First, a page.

Talos and Pemex Complete Plans to Develop Giant Zama Field
Mexican state oil company Pemex has submitted its development plans for the unitization of the Zama field, including the lease segment it took over from U.S.-based Talos Energy in 2021.
Talos began exploration for Zama in its Block 7 lease in 2015, and it found oil in 2017. At the time, it was considered a model of success for renewed private participation in Mexico's offshore oil and gas industry: Talos was the first firm back in the country after a long period of Pemex-only operatorship. An independent audit estimated the field's reserves at 735 – 950 million boe, and peak production could be as high as 180,000 boepd - equivalent to 10 percent of Mexico's national oil output.
However, the privately-led development plan did not last long. Talos' block was adjacent to a lease area controlled by Pemex, and a disputed fraction of the resource extended across the boundary. Both firms commissioned separate audits, and both concluded that they controlled the majority of the reservoir.
In 2018, Mexican President Andrés Manuel López Obrador took power and pledged to return control of the oil sector to Pemex. Three years later, just after Talos drilled four wells at Zama, Mexico's energy secretariat (SENER) sided with Pemex and stripped Talos of its operatorship. The decision effectively nationalized control of the asset and left Talos with a 17 percent non-operating share of the unitized field.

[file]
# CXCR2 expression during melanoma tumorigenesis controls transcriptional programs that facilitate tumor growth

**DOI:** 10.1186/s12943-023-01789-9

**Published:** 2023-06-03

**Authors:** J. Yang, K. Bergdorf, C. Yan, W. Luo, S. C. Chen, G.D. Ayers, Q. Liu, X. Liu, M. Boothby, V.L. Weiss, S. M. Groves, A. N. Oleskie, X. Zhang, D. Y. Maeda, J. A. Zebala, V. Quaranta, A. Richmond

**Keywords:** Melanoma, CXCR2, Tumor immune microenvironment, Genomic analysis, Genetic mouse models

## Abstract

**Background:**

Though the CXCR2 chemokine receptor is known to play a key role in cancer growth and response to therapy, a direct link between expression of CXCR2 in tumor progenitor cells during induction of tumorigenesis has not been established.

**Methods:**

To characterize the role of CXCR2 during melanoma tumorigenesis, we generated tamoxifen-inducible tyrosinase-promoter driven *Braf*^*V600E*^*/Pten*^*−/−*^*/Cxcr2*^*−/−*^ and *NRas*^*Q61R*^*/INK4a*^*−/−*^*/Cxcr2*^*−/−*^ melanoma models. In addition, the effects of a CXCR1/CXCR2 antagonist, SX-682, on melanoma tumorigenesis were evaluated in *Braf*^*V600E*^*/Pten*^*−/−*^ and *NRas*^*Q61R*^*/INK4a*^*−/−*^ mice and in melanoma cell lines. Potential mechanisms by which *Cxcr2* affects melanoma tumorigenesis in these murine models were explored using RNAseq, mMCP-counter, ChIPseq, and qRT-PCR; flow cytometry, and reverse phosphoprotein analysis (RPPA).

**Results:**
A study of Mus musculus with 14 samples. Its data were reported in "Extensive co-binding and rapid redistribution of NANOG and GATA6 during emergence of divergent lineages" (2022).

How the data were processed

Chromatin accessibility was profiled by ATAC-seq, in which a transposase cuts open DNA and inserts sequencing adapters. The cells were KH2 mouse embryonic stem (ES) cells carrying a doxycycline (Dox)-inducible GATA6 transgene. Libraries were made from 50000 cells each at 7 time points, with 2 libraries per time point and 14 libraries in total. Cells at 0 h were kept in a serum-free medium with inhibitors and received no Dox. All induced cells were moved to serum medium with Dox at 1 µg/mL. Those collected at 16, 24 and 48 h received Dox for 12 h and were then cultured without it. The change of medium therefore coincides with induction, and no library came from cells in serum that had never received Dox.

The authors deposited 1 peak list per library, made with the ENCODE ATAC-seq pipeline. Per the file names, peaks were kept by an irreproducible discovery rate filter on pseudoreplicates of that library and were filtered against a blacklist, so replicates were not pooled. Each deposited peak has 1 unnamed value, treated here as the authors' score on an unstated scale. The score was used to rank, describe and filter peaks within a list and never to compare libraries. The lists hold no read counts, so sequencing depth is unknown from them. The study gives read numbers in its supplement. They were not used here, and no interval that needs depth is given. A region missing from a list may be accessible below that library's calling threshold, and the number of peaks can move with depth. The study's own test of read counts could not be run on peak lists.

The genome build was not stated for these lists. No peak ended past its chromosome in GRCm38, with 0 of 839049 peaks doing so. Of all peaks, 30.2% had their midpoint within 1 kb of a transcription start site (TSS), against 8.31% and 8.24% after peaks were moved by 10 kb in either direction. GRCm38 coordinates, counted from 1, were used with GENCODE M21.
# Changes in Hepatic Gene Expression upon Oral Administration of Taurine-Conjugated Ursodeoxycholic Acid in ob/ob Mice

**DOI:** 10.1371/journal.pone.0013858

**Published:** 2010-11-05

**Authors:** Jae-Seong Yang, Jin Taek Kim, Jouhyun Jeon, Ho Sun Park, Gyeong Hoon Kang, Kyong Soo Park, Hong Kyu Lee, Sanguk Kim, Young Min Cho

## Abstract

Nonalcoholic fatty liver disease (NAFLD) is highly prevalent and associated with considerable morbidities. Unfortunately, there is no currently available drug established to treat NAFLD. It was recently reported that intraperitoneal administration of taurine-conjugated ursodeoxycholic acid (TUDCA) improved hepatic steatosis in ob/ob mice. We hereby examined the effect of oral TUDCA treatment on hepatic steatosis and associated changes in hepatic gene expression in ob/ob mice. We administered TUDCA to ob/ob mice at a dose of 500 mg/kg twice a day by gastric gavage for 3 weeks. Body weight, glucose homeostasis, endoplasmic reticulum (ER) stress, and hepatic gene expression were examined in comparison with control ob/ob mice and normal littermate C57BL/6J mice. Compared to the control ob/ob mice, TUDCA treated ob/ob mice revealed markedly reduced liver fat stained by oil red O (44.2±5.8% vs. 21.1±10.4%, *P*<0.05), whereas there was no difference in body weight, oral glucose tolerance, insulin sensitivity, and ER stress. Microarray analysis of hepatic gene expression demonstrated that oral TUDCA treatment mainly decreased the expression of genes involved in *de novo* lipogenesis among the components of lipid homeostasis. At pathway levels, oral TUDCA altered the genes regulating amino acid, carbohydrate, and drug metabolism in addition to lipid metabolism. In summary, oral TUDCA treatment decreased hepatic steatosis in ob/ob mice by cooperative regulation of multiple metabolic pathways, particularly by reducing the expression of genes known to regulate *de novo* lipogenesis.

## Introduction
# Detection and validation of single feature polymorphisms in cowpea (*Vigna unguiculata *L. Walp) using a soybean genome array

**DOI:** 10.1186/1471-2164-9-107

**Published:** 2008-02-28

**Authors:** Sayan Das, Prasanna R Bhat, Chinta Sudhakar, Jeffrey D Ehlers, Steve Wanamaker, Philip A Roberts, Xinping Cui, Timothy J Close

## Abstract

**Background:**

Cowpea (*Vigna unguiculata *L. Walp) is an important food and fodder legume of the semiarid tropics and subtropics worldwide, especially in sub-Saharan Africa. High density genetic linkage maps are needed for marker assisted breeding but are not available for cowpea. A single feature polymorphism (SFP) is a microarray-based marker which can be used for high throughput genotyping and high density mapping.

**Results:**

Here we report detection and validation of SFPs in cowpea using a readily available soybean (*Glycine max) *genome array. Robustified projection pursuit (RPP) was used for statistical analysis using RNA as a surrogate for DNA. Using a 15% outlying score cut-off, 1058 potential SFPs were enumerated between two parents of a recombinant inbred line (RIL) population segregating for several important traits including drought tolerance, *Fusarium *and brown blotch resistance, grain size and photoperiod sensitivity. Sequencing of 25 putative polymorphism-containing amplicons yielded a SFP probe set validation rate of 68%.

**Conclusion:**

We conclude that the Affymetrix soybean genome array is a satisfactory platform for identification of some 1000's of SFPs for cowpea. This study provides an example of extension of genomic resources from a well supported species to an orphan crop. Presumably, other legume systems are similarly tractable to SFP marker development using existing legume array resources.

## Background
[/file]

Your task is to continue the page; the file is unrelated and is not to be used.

Talos appealed without success, and ultimately it decided to proceed with sanctioning the project in cooperation with Pemex. The deal acknowledges Pemex as the operator, but it also provides for an "Integrated Project Team" representing the interests of all four companies with a stake in the field. Though Pemex is technically the operator, Talos and Pemex will co-lead planning, drilling, construction, and completion of all Zama wells and offshore infrastructure. The plan calls for two fixed platforms, 46 wells and arrangements for export back to the mainland. Permit approvals are expected within six months, followed by a FID.
"The IPT provides important roles for each of the Zama Unit Holders, a structure which we believe best leverages the talents of each organization and optimizes project governance. We understand the importance of this project to Mexico and look forward to continuing our collaboration as we look towards formal approval and to advance the project to FID," said Talos President and CEO Timothy Duncan in a statement.